How the Subcontinent learned to stop fearing new produce and learned to love the tomato

Food historians give chile peppers the most credit for spicing up India’s Post-Colombian cooking. But tomatoes, which probably arrived from the New World with Portuguese spice traders in the 16th century, were also a game-changer for Indian cuisine. While capsicums added their exhilarating rush of tingly heat, cooks would soon discover that the glossy red globes gave a sweet-tart-tangy dimension to sauces, soups, dals, and chutneys. That revelation would forever transform Indian dishes.

In time, tomatoes would invade almost every kitchen on the subcontinent and would emerge as “one of India’s most important vegetable crops,” according to ICAR, the Indian Council of Agricultural Research that reports on tomato hybrids. Yet precise details about when the crimson fruits arrived and how they were dispersed remain an enigma. We do know that cashew nuts, squashes and, of course, chilies, all originating in the New World, showed up in South India after Portuguese explorer Vasco da Gama, seeking lucrative spices, discovered a sea route to Calicut in 1498, following Christopher Columbus’ misguided attempt.

Clues to the tomato mystery abound in Lizzie Collingham’s marvelous history of Indian cuisine: Curry, a Tale of Cooks and Conquers. After Portugal took control of Indian spice routes to Europe, fortune-seeking sailors, Jesuit priests, craftsmen, and laborers settled in the newly established Estado da India, as the Portuguese viceroyalty in the subcontinent was then known. At some point the tomato—or at least its seeds—must have been among the transplants.

[Along the way, tomatoes began to show up in everyday South Indian dishes such as Kerala tomato fry, tomato kurma, and the South’s most commonly eaten soup: rasam.]

Most new arrivals to the colony were men. And as Colligham points out, they married local women, spurring cultural crossovers in cooking and ingredients. Along the way, tomatoes began to show up in everyday South Indian dishes such as Kerala tomato fry, tomato kurma, and the South’s most commonly eaten soup: rasam.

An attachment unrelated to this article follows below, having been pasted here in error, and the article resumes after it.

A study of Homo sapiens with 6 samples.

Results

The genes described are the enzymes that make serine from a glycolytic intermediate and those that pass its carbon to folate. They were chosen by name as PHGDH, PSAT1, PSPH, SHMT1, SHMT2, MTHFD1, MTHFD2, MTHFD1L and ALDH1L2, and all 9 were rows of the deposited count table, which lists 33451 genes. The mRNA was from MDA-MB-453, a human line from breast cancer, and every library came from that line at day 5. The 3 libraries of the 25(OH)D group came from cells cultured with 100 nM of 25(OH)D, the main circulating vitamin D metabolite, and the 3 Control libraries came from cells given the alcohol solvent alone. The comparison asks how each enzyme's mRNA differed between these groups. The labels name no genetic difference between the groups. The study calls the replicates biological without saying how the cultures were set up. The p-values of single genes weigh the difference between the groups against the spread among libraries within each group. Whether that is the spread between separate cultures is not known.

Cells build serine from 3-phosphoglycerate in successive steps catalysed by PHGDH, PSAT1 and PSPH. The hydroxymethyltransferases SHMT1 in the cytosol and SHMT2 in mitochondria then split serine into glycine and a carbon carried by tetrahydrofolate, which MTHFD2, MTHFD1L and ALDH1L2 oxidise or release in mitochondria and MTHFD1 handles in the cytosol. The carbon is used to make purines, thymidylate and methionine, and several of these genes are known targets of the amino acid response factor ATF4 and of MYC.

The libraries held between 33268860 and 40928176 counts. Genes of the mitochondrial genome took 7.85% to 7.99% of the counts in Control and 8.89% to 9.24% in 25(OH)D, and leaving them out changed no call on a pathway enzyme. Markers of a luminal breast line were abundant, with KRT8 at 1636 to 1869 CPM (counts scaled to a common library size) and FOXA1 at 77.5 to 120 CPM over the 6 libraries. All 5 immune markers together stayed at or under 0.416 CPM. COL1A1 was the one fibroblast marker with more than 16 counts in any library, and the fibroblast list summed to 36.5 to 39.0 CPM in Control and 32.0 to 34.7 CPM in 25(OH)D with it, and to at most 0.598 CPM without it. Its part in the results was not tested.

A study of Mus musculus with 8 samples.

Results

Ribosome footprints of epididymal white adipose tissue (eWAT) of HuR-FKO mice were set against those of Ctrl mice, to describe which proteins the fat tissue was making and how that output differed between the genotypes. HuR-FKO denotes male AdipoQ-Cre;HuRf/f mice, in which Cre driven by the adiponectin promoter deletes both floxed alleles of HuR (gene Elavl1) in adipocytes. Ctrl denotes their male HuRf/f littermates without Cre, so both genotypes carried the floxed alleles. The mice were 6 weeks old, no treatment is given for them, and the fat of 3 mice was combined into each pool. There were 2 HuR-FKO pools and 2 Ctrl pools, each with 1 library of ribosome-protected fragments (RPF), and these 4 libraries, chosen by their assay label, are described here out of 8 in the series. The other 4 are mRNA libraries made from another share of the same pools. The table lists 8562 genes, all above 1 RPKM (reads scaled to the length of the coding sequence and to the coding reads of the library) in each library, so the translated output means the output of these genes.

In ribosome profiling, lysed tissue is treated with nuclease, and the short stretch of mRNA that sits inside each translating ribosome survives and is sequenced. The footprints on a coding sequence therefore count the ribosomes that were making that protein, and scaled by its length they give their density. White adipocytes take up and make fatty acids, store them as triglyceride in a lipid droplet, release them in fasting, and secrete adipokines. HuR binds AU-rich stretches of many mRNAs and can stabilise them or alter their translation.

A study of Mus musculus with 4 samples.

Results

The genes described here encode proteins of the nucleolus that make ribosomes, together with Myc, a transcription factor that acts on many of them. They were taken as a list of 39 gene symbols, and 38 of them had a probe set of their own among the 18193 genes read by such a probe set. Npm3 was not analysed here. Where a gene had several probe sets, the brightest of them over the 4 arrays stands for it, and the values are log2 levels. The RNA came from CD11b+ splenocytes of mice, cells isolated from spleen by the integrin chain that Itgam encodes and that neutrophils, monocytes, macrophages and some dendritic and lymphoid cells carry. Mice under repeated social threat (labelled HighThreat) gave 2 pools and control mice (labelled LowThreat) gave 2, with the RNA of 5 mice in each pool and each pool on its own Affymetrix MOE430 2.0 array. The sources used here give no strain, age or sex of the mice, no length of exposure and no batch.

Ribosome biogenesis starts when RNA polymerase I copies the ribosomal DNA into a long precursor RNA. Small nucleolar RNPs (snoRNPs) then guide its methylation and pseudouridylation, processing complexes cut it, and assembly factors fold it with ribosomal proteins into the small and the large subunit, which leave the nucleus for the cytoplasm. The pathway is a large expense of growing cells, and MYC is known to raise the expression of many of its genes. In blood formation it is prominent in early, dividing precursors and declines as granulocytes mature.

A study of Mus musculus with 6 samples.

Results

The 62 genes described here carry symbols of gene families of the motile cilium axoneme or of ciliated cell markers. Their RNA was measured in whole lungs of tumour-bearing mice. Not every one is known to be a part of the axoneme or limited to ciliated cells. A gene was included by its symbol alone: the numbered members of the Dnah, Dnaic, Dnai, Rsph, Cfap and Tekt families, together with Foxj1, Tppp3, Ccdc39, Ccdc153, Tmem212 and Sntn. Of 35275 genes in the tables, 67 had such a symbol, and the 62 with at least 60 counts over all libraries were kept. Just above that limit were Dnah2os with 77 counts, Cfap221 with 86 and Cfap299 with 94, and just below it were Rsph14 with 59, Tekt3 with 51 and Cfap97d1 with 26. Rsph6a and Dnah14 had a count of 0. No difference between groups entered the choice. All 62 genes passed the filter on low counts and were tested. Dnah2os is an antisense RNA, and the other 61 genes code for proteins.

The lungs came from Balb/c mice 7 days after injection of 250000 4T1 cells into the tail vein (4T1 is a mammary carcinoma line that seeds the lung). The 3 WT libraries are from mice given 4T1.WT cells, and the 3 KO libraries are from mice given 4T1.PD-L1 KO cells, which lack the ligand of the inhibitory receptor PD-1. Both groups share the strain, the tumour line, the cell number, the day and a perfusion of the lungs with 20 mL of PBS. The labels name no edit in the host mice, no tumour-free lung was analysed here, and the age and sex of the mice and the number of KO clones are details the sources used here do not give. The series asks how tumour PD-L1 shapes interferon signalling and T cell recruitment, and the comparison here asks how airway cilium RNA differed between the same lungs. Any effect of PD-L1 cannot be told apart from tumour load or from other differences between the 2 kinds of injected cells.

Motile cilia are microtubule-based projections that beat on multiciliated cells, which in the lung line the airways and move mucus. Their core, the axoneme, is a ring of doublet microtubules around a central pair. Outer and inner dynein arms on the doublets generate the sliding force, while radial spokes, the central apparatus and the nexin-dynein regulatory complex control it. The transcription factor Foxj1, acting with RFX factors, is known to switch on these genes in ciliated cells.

Light and brothy, rasam is considered the ultimate comfort food by rich and poor alike; many eat it every day. Simple in the extreme, the brew is merely water, a few spoonfuls of ground dal, and a kitchen-cupboard’s worth of spices. A few juicy tomato chunks enhance the otherwise mundane broth the way butter does for dry toast.

To make their daily rasam more convenient, home cooks prepare rasam podi, a coarsely ground spice-and-dal mixture which makes an almost instant soup. You can find many recipes for it on the internet. Nowadays, the time-pressed can buy rasam podi on Amazon or from online Indian food vendors. But of course, they’ll still have to get the tomatoes.

North Indians also came to appreciate tomatoes and put them into butter chicken, eggplant bharta, and other dishes that have an altogether distinct sensibility from southern ones. Tourists to South India will find the food lighter, spicier, and laced with coconut, tamarind, cloves, and with plenty of fresh fish caught along the tropical palm-fringed coasts. They’ll often find hotel breakfast buffets filled with tomato-y offerings including tomato chutney, tomato rice, and the ever-present rasam to accompany their breakfast idli (steamed rice cakes).

South Indians are proud of their cuisine. They love nothing more than to reveal its secrets to visitors who are generally accustomed to northern food. The region offers many cooking classes from week-long organic farm stays to chef-taught vegetarian classes. In Kerala, the tomato’s probable entry point, Nimmy Paul holds sessions in their refurbished home’s light-filled, streamlined teaching kitchen surrounded by sunny herb gardens. After you’ve learned all about curry leaves and kokum, your class feasts on such dishes as coconut-ginger prawns and the classic meen molee—fish in spiced coconut milk sauce, garnished, of course, with ripe tomato.